In the Douglas Adams comic novel The Hitchhiker’s Guide to the Galaxy, a computer called Deep Thought is tasked with identifying “The Answer to the Ultimate Question of Life, The Universe, and Everything“. Frustratingly, the ultimate answer – 42 – is incomprehensible without knowing the ultimate question.
The importance of knowing what to ask sprang to mind after reading the newspapers a couple of weeks ago. “Tanzanians most secure people in EA” spluttered the East African headline. It went on:
The Mo Ibrahim Foundation released a study that showed that Tanzania scored highly in both national and citizen’s personal security, an indication that the state is committing enough resources towards the safety of its people
And they had the numbers to prove it:
On people’s safety, Tanzania ranked high, scoring a fairly average mark of 49 with Kenya coming last with 31; Uganda had 46, Rwanda 40 and Burundi, 34.
No 42s, but not far off. So where do the numbers come from? In this case, the scores for Personal Safety are a mash up of existing and specially commissioned data for five sub-indicators. The score for Domestic Poitical Persecution is drawn from two US based projects, the CIRI Human Rights Data Project and the Political Terror Scale. That for Human Trafficking comes from the US State Department’s Trafficking in Persons Report. Scores for Social Unrest, Safety of the Person and Violent Crime come from research commissioned by the Ibrahim Foundation from the Economist Intelligence Unit.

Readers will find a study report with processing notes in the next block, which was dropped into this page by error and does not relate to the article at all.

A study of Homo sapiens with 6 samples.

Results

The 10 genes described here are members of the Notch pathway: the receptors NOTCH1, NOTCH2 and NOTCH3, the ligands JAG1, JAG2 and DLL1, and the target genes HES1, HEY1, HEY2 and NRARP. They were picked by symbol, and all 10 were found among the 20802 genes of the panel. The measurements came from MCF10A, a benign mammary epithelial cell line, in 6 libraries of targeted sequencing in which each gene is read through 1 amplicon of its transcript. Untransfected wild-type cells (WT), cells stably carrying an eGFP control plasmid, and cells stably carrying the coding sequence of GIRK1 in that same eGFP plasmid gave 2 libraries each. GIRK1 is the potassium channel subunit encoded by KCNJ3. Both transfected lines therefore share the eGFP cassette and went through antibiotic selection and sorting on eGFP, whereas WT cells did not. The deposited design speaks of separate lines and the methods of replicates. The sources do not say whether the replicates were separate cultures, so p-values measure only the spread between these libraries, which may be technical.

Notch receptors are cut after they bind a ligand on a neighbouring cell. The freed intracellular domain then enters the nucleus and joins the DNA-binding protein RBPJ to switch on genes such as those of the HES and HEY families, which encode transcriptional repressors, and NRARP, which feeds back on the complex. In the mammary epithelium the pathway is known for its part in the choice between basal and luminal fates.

What could possibly go wrong? Three things, mostly. Categorisation, actionability and control.
Firstly, there’s a confusion of categories. Average people’s likelihood of being a victim of crime – a break in, a mugging, a snatch – is in quite a different category from the likelihood of being persecuted politically – disappeared, tortured or killed extra judicially by the state. Both are of great importance and both, in different ways, tell us much of people, states and power. They may even involve the same agencies; but they are very different things that must be addressed discretely in terms of legislation, administration, community involvement and oversight. They don’t belong together.
Secondly, the data is obscure and doesn’t help identify how you might improve things. If Tanzania is to shift from 49 to 55, what should it concentrate on? Illegal migration routes transiting Tanzania taken by Ethiopians and Somalis mostly; internal trafficking of house maids; or community policing? Would any of the data gathered help in making those choices? I doubt it. Categories are important.
Thirdly, not everything measured is amenable to a solution in Tanzania. An upsurge in illegal Ethiopian and Somali migrants may lower Tanzania’s score but not be in Tanzania’s control.
Jason Lakin of the International Budget Partnership makes similar criticisms of how the Ibrahim Index measures accountability, also in The East African. Indeed his analyis was what sprung to mind when belatedly coming across the East African’s reporting of Ibrahim’s public safety scores.
Expect more such posts. The World Bank’s Doing Business 2012 came out ten days ago (yes, that’s 2012) and there’s plenty to talk about there. Let’s hope they knew what the question was.